The United States Supreme Court recently resolved a split among the federal circuits about when the limitations period begins on a constructive discharge claim (as opposed to a claim by an employee that he or she was terminated by an employer). In Green v. Brennen the Court held that the “clock for constructive discharge begins running only after the employee resigns.”

Postmaster Marvin Green complained that the Postal Service denied him a promotion because he was black. After he complained, his supervisors accused him of the federal crime of intentionally delaying the mail. In a signed agreement, the Postal Service agreed not to pursue criminal charges if Green either retired or transferred from his suburban post in Denver, Colorado, to “Wamsutter, Wyoming – population 451.” Green chose to retire, and then, 41 days after resigning and 96 days after signing the agreement, filed an unlawful constructive discharge charge with the Equal Employment Opportunity Commission alleging discrimination and retaliation. Federal employees have 45 days in which to file a discrimination charge with the U.S. Equal Employment Opportunity Commission (EEOC), which they must do before filing a lawsuit (by contrast private-sector employees have either 180 or 300 days to file a charge with the EEOC).

The district court and Tenth Circuit Court of Appeals found that Green’s complaint to the EEOC was untimely because he had failed to contact the EEOC within 45 days of when he signed the agreement with the Postal Service (even though he was within the 45-day timeframe considering the date of his retirement). Therefore, his claims were time-barred. The Supreme Court reversed and remanded the case for a determination of when Green actually resigned.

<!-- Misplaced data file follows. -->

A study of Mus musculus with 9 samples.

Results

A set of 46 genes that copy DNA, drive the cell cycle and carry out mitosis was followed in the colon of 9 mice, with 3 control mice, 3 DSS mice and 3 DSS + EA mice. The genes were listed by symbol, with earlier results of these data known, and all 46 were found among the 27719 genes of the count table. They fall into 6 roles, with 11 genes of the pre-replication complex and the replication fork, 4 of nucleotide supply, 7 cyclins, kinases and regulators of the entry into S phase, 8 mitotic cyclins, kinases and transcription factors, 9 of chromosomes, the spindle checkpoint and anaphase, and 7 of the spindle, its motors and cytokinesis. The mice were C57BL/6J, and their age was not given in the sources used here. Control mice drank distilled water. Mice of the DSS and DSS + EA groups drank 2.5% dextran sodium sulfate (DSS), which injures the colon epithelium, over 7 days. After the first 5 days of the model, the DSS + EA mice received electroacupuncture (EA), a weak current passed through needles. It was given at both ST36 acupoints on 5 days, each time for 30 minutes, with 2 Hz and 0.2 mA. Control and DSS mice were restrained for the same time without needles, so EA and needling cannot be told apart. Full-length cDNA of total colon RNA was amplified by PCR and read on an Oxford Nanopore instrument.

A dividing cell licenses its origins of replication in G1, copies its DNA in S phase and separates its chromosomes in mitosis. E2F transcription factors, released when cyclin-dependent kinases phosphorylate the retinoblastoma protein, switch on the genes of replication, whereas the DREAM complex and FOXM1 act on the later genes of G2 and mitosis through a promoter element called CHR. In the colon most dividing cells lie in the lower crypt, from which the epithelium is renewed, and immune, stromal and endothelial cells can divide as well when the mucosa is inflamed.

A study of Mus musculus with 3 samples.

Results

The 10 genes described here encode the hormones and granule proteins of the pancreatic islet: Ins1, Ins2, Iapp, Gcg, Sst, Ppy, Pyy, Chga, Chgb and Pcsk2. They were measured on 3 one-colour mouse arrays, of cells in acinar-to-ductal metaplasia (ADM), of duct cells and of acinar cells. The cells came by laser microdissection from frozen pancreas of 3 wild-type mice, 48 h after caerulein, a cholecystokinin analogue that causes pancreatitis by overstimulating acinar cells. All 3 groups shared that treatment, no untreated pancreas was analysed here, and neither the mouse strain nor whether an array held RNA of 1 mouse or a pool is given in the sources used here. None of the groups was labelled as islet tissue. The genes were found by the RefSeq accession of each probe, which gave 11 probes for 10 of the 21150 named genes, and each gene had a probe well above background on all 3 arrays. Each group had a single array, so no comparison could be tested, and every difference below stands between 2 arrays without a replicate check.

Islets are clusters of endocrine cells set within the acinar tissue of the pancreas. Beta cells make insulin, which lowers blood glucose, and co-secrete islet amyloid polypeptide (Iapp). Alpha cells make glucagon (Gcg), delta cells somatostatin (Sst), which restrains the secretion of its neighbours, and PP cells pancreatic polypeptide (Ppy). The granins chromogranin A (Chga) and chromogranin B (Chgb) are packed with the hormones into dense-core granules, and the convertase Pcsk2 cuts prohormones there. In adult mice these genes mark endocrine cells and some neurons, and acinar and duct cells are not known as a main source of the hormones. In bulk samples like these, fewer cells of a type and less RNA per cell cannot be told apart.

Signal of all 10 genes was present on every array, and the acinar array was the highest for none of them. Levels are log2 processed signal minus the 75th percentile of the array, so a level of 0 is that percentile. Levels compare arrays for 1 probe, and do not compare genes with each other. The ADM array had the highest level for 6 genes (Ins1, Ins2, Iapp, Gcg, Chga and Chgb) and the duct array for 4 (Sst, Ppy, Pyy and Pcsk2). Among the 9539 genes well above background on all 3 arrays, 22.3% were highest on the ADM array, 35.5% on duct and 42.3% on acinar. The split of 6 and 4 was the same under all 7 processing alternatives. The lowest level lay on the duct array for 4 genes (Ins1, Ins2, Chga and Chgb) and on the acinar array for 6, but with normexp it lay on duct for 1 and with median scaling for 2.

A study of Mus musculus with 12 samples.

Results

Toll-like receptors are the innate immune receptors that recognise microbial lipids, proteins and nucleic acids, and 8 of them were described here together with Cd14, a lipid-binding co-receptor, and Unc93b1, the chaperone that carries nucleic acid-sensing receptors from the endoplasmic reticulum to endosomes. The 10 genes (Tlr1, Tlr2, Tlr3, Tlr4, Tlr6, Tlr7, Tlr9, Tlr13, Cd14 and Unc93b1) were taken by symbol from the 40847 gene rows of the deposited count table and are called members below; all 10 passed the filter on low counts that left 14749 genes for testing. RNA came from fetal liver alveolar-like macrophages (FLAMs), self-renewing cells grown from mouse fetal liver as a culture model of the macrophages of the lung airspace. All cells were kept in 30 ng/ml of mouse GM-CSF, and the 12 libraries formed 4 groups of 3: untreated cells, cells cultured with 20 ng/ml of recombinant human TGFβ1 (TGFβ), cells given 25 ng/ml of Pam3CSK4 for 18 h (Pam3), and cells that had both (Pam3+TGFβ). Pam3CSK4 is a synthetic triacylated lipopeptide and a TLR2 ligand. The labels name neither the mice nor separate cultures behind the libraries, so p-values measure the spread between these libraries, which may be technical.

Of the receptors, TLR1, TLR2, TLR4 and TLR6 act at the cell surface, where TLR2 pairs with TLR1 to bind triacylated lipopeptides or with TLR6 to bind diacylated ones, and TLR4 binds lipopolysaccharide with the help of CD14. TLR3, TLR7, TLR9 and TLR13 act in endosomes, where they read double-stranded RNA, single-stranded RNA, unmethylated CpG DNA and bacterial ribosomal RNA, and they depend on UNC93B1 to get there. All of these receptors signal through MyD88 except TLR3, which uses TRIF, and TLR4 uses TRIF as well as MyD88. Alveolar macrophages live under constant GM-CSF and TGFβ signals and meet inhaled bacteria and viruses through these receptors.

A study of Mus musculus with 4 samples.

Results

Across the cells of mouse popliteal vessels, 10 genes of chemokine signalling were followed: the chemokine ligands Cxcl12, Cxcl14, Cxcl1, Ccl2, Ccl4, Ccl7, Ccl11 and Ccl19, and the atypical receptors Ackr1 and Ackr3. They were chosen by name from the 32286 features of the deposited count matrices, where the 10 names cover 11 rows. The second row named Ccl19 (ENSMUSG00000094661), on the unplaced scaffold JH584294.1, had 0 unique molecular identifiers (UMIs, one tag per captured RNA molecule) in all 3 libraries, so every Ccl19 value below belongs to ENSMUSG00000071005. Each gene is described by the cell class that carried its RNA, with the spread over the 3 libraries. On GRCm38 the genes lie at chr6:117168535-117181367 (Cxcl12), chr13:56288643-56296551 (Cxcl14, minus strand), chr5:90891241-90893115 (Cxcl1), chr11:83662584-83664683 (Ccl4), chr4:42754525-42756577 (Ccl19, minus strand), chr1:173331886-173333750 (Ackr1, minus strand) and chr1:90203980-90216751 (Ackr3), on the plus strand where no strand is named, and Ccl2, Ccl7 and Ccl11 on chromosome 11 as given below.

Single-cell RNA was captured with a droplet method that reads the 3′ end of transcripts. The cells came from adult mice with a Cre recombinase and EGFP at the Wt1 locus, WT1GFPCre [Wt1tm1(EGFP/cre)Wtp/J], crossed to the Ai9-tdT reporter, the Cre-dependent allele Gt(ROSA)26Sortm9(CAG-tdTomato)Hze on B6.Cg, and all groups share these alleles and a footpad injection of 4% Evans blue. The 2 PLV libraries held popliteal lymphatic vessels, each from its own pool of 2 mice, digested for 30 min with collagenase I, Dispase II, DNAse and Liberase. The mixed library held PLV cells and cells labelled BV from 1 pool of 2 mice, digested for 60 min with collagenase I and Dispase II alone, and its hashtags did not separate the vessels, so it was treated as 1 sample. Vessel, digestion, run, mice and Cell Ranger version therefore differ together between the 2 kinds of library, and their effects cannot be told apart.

The Court held that, for a federal employee who claims he is constructively discharged (as opposed to terminated), the 45-day statute of limitations to contact the EEOC begins to run from the date the employee resigns. The Court reasoned that a constructive discharge claim “accrues only after an employee resigns.” Additionally, the Court held that a constructive discharge claim accrues – and the statute of limitations period begins to run – when the employee gives notice of his resignation, and not on the notice’s effective date. This means that, if an employee gives a two-week notice, the limitations period begins on the date he or she gives the notice and not two weeks later when the resignation is effective.

Green involved a federal employee’s responsibilities under Title VII. However, the Court noted that the federal regulation at issue in Green “has a statutory analog for private-sector Title VII plaintiffs, who are required to file a charge with the EEOC within 180 or 300 days after the alleged unlawful employment practice occurred.” Given this, it is likely that lower courts will apply the Court’s reasoning to private-sector employees in evaluating constructive discharge cases.